As homes are pulled down for road changes, Natasha McKim talks to some of those affected by the redevelopment.
Where children used to play and families ate together, growing and learning and experiencing life, there are now empty shells and piles of rubble.
A once tight-knit community is now separated and neighbours who would once mind each other’s homes are struggling to keep in touch with the people they knew well.
Audrey Webb met her husband Allan while he lived on Logie Avenue. They made it their home for more than 10 years before moving to Logie Place, where they lived for 15 years, and their children remember it as home.
“We were never told we were getting moved,” said 56-year-old Audrey, who works in the NHS.
“I asked and asked and I was told I was not getting moved. I decorated the house because we were told we weren’t getting moved.
“After a couple of months I phoned in for a repair, and was told they thought we were an empty house, a void house.
“Then I was down at the housing office and I was told my house was coming down.”
Despite being told again and again that she wasn’t going to lose her home as part of the redevelopment of the Haudagain roundabout, Audrey soon found herself filling out a form to be relocated.
“It was terrible, I just hated it,” she said about having to move.
“We knew everyone. I was absolutely gutted. My daughter lived at the top of the road and my granddaughter would come down to me.
“It was a lovely little community. If your neighbours were on holiday you would look after their house.”
For Audrey’s 13-year-old granddaughter, seeing 16 Logie Place demolished was a tough moment after spending much of her childhood in the home. Audrey, her son and daughter all went to watch their former home as it came down.
“It was devastating,” said Audrey.
“I had a lump in my throat, but I needed to be there.”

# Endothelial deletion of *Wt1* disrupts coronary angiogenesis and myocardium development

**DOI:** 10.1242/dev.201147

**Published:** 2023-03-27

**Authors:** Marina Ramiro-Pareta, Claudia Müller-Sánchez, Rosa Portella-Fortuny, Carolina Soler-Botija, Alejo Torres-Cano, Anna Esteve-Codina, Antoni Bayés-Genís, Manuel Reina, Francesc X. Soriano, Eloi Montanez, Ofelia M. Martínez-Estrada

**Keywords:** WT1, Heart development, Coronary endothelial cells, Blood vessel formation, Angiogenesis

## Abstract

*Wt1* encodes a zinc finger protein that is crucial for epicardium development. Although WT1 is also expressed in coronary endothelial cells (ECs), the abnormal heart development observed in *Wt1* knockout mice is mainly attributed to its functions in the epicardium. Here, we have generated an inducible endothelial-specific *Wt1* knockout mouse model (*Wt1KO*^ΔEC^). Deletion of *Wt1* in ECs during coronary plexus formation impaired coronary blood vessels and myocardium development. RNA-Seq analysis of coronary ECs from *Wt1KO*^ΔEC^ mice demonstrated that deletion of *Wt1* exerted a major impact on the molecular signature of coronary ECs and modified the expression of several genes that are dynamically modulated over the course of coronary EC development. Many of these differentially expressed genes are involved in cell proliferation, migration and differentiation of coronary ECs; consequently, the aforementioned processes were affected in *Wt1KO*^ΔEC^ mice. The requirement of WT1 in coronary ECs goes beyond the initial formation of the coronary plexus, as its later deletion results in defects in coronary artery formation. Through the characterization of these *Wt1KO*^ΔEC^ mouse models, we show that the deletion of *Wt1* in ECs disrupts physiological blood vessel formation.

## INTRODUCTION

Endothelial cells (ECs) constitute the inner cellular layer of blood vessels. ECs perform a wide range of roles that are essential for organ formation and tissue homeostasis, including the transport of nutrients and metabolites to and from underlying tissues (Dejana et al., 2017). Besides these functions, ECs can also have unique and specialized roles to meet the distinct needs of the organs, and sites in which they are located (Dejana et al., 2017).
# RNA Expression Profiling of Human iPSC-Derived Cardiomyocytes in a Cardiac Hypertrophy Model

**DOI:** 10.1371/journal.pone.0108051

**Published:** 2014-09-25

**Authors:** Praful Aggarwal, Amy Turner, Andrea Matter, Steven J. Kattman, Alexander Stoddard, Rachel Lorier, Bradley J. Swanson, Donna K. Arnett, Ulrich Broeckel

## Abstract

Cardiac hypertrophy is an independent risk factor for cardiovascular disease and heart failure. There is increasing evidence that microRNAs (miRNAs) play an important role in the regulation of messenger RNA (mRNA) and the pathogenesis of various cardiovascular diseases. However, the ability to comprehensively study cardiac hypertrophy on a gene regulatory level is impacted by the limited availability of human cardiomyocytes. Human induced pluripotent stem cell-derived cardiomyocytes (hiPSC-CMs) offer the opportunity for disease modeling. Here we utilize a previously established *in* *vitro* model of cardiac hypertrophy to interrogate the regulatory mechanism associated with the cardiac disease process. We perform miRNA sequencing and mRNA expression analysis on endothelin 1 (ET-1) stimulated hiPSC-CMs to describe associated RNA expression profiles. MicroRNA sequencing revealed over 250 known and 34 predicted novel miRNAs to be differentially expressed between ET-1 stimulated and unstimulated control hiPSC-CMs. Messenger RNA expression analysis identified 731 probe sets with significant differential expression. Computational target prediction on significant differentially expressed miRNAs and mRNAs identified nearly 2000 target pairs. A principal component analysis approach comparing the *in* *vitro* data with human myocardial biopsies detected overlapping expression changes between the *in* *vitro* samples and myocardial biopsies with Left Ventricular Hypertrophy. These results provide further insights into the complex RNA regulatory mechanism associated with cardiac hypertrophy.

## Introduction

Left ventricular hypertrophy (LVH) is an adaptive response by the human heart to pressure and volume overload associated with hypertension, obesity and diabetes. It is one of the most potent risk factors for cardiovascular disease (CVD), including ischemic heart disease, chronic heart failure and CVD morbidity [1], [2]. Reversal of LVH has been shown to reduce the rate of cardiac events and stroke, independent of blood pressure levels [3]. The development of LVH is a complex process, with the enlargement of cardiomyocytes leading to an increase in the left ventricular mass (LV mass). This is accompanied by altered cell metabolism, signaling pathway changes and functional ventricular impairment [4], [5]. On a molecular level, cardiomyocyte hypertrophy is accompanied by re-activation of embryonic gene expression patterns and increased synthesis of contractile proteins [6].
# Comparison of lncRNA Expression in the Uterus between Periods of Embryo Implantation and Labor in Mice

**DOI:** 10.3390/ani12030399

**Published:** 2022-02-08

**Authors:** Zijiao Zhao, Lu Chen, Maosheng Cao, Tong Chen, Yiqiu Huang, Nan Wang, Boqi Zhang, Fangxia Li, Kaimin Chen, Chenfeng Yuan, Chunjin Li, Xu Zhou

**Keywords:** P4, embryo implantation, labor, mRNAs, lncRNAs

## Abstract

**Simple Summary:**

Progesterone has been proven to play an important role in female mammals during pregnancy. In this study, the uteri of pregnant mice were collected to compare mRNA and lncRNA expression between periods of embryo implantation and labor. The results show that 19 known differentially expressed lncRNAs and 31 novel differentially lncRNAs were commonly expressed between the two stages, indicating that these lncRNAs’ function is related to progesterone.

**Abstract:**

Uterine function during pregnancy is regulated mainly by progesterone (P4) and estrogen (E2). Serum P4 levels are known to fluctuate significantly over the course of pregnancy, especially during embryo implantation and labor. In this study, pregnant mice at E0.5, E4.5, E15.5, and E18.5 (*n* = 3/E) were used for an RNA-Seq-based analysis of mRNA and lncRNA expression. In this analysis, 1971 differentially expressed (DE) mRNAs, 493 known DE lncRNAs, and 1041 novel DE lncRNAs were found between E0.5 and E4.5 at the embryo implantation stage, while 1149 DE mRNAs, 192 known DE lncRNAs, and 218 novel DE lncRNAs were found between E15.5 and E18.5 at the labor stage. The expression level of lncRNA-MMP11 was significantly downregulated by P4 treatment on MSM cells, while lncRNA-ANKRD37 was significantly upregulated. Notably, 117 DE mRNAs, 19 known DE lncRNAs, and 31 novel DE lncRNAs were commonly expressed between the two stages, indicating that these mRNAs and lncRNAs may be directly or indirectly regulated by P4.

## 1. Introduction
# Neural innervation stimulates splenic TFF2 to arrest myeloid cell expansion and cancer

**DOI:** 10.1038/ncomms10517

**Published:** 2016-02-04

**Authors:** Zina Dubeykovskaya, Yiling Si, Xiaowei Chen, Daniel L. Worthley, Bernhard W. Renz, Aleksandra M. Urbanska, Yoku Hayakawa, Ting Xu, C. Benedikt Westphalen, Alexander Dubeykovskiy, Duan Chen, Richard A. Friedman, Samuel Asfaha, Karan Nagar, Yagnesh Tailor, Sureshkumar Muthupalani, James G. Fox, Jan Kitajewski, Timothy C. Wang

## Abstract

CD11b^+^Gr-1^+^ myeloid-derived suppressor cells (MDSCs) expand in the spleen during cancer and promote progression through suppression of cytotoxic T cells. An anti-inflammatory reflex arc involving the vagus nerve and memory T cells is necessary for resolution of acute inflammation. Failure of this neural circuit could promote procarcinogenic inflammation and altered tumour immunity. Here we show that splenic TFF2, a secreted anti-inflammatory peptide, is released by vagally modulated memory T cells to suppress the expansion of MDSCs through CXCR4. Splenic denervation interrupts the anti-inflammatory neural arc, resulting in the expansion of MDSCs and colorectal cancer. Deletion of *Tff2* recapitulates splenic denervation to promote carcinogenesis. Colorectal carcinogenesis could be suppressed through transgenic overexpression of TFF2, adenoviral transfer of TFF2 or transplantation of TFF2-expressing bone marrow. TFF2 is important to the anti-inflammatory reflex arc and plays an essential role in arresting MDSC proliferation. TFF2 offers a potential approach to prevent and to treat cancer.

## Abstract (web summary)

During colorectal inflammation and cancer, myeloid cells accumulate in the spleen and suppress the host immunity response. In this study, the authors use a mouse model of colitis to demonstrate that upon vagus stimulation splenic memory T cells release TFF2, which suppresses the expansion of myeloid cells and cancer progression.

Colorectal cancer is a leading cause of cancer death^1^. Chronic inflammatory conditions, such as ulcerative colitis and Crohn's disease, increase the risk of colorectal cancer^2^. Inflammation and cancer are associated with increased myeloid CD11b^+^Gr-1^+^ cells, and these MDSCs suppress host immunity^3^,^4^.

Now relocated to Larch Road, more than a mile and a half from the place they had called home, Audrey and Allan find themselves separated from the community they once knew so well.
“We don’t really know who the neighbours are,” said Audrey.
“This place is a house now, not a home.”
Luckily, the neighbours have been “lovely” to the couple since they moved in, making them feel welcome to the area. But that doesn’t stop the sadness.
“If you go on Google Maps, you can still see our old house with our dog sitting outside on the step,” said Allan, who works in security.
“If people used Haudagain properly, there wouldn’t be such a problem,” said Audrey.
“They could have waited for the AWPR to open to see what the traffic would be like.”
The scheme at the Haudagain roundabout will see a new link road built to relieve traffic build-ups at one of the city’s busiest junctions. The plans aim to reduce congestion and the risk of transport-related accidents at a place which is known to many Aberdonians for being a difficult junction.
The building of the link road will begin once the long-awaited Aberdeen Western Peripheral Route (AWPR) is finished this year. But with the buildings swiftly coming down, there is no going back for the community who used to call the area home.
Michael Morrison is one of those people. His parents lived at 13 Logie Avenue from 1939 to 1977, where Michael also lived. He then lived at 2 Logie Place from 1977 until 1981. Now 72 years old and living in Hatton near Peterhead, he fondly remembers his childhood home.
“We only had one key, and it hung inside the door on a string,” said Michael.
“You would have to put your hand in and catch the string to let yourself in.
“What annoys me is that I grew up there and have watched the road since I was a child. They are not going to make an improvement, it will just move the problem from one place to another.
“They were still good houses. We are losing a lot of good stuff.”